Dana White’s Ultimate Fighting Championship was an outlier until late in the sports world, trying to fight against the tide of ever-growing coronavirus cases, and maintain a business as usual attitude, by hosting a UFC Fight Night event last Saturday in Brasilia, Brazil, albeit without fans in the arena.
White’s willingness to seemingly keep calm and fight on came as a result of his speaking with both President Donald Trump and Vice President Mike Pence.
Though White is at pains to point out that their guidance was not specific to UFC, it was “be cautious, be safe, but don’t panic. You don’t want the entire country freaking out and panicking. And in times like these, people need to be entertained.
“People need to feel some sort of normalness going on,” White told CNN Sport’s Don Riddell. “And you know, if I can still figure out ways to run the UFC and do it safely, and not put any of my people in harm then we were going to do it.”
But a week can be a long time in politics, and this also applies to the running of a sports organization.
At the time of writing, America has recorded at least 8,898 positive tests for the virus and 149 deaths.
And it was no coincidence that after a more serious shift in tone from the President, the 50-year-old has followed suit.
While the exuberant promoter inside of him will never completely disappear – predicting that the Las Vegas strip going dark would be “the craziest thing that has ever happened in my lifetime,” for example – White nevertheless has changed his mind, and thus the stance taken by the MMA organization.
To that end, UFC Fight Night events on March 21, March 28 and April 11 have been postponed, following the White House’s recommendation to avoid gatherings of 10 or more people.
And although the language employed about the threat of the coronavirus has been on the colorful side by White – something he doesn’t “regret at all” – he does now see that keeping his people employed is of paramount importance.
“Listen, we need to fight this thing,” begins White. “Let’s work through this thing - that’s what we do every week at the UFC. For anybody that says I’m not concerned with health and safety and all this other stuff, then you don’t know me.
“And I always take care of my people, whether it’s my fighters or my employees … health and safety is something that I worry about every single week. Not (just) since the coronavirus popped up. I mean, it’s what we do.”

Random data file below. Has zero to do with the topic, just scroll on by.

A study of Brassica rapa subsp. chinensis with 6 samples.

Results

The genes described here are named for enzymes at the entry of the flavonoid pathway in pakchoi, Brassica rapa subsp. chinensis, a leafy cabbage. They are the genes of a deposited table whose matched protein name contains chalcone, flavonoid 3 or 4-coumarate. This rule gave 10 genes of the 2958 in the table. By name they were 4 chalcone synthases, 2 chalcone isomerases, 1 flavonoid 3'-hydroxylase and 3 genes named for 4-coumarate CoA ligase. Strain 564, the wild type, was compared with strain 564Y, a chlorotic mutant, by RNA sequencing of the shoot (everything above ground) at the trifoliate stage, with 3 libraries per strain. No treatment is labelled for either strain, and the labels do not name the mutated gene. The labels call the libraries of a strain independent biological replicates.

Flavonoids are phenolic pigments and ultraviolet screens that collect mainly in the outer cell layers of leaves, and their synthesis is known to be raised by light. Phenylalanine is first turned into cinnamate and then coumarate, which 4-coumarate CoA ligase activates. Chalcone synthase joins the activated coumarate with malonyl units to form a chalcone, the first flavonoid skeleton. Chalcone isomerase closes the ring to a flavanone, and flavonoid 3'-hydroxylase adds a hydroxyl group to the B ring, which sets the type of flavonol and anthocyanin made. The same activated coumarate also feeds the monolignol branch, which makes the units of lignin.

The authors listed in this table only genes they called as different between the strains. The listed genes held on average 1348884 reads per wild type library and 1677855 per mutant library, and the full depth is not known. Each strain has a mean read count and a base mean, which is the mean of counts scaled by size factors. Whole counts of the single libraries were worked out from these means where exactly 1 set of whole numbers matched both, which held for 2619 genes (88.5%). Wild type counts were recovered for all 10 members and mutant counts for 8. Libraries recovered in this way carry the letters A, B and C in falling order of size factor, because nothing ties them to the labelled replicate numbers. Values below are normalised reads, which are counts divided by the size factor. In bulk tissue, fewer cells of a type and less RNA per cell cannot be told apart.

White doubled down in his response to accusations of corporate greed, and betraying responsibility to his staff, fighters and the public, responding that: “I could care less … I haven’t laid off one employee.
“You can accuse me of whatever you want … You know what I did? I told all my people – if any of them or their family members get sick, or have any problems, you call me, and I will get you taken care of.”
And while acknowledging that “I’ve never seen anything like this in my lifetime,” White knows firsthand that eventually the show will go on.
The UFC was the first organization to put on events in Las Vegas after 9/11 and the Las Vegas shooting in 2017.
“This is nothing new for us, we’ve been through some stuff, but this is by far the craziest I’ve ever seen,” he said.
The UFC’s next pay-per-view event is scheduled at the moment to occur on April 18 in Brooklyn, New York. On paper, UFC 249 promises to be possibly the fight of the year between the unbeaten Khabib Nurmagomedov and Tony Ferguson.
White is confident that this highly anticipated event will go ahead.
“(I’m) on the phone all day every day trying to figure out how to get this thing off … yes, that fight is on and I’m going to figure it out,” he said.
As was shown at the event in Brazil, holding a show behind closed doors is not something White is averse to doing.
So if it came down to having Nurmagomedov and Ferguson – arguably the biggest fight in years – face off with no spectators and just cameramen filming it, would it still be worth doing for the UFC?
“Yeah, we’re going to do it. I’m going to get this thing done,” White maintains.
And yet, inevitable doubts have also crept in. “Ten days ago, I could have answered a lot of questions for you and I knew a lot of things. I don’t know anything anymore.
“The world is such a different, crazy place. Las Vegas is shut down, casinos are closed. I never thought I would say that in my lifetime. So I really don’t know anything anymore. I’m just out there trying to solve problems, is what I’m trying to do. I’m a problem solver. That’s what I do and that’s what I’m trying to do right now.”
Going with the flow
Making decisions in an ever-changing world also applies to President Trump, who White has supported over the years.
He even spoke at the Republican National Convention in 2016, when Trump was the GOP presidential nominee.
Nearly four years on, how does he feel Trump has handled arguably the biggest crisis of his presidency?
“I think everybody from the President, to governors, to all the people that are involved in this thing, the CDC, it’s been handled the best it could possibly be,” asserts White.
“The citizens of the world and politicians have done the best job that they can do.”